I’d have to say marijuana is less harmful to, and better for, the environment than cigarettes. Marijuana is a finished crop when it is cut, tobacco, on the other hand, needs to be manufactured into cigarettes, which include other additives like nicotine, and all of this takes its toll on resources and the environment. Marijuana is simply a harvested crop and has little direct effects on the environment. This is beside the facsts that marijuana is overall a more useful plant than tobacco is, and it can do more good than harm to the environment if used to its full potential.
Marijuana is most likely to be better for the environment. It does not undergo the same processing, refining, and packaging that cigarettes do. All the steps of producing a cigarette use energy or material resources. Also, cigarette butts do not decompose because they are primarily made of plastic and will take many years to break down. When butts end up in beaches, nature trails, gardens, and public parks, animals mistake these small objects for food. When animals ingest the cigarette butts, they can become poisoned by the chemicals. Cigarettes contain benzene, formaldehyde, ammonia, acetone, and tar.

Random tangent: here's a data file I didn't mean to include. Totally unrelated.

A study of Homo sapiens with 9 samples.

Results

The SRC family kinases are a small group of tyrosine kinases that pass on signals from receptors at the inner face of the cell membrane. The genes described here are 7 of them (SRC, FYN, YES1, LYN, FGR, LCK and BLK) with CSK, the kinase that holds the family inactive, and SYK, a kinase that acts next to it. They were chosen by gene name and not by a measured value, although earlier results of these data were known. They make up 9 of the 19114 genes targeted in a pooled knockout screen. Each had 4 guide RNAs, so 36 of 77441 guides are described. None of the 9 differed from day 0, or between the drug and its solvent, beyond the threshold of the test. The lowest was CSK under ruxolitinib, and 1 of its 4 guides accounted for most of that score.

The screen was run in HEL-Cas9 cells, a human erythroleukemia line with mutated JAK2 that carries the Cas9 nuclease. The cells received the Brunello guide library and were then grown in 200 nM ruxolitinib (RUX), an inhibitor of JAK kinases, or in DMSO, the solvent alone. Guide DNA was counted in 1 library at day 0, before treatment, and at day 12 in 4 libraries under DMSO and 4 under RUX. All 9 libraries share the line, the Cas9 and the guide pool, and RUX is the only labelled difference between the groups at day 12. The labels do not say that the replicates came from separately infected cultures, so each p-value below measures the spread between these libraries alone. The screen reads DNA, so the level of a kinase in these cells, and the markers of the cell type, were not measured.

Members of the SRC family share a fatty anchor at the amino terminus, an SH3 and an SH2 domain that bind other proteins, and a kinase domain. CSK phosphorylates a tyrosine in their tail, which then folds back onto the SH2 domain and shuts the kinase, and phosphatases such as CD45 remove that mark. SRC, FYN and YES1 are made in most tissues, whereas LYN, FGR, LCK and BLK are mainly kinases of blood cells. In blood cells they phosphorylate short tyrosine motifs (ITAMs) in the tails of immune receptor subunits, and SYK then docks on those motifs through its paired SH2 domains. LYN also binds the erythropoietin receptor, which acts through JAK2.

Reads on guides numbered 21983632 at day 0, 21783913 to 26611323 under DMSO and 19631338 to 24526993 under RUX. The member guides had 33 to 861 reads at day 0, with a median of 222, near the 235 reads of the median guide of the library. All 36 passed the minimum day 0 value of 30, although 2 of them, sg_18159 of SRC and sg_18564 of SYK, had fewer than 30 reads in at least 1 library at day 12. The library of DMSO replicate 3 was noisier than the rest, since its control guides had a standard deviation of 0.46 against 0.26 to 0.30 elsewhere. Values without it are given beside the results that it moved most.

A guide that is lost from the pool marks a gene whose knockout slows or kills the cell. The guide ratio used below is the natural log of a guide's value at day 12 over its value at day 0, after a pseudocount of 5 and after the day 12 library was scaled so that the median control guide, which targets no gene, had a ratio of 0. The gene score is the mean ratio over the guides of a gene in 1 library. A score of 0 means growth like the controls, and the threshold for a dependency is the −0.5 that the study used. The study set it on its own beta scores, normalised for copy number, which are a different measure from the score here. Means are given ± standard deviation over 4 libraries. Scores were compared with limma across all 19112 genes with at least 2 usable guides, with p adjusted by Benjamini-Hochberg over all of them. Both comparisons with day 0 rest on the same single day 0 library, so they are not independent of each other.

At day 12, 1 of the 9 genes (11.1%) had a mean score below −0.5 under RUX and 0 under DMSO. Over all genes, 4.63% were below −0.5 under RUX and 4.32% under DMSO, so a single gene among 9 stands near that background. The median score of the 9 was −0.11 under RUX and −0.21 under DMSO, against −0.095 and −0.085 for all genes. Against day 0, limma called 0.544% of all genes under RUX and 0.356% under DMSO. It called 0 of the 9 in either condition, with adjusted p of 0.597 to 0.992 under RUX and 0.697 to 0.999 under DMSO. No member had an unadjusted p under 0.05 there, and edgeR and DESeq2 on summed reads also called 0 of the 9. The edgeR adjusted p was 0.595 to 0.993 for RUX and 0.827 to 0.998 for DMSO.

Another reason that marijuana is probably better for the environment is that people smoke it a lot less than cigarettes. When people smoke cigarettes they smoke several a day, which generally is not the case for marijuana. Also, cigarette butts litter the earth almost everywhere, whereas evidence of marijuana can rarely be found.
Marijuana is probably better for the environment because, besides being a harvested crop, there is no processing or packaging that goes into marijuana production. Growers grow marijuana plants — often indoors, where there is no need for pesticides — and sell the product. Because of the underground nature of the marijuana industry, the product is often local, and there is little packaging involved (and it is not packaged in a factory). Tobacco growers grow tobacco (with pesticides, most likely) and then have to process the tobacco with other chemicals and toxins, add cigarette filters and wrappers, package the cigarettes in plants, and ship the cigarettes — all of which has a negative impact on the environment.
Thousands of harmful chemicals are present in cigarettes. The butts are only part of the problem – the smoke emitted into the air also adds to air pollution. The Clean Air Act is helping to reduce the harmful effects caused by cigarette smoke.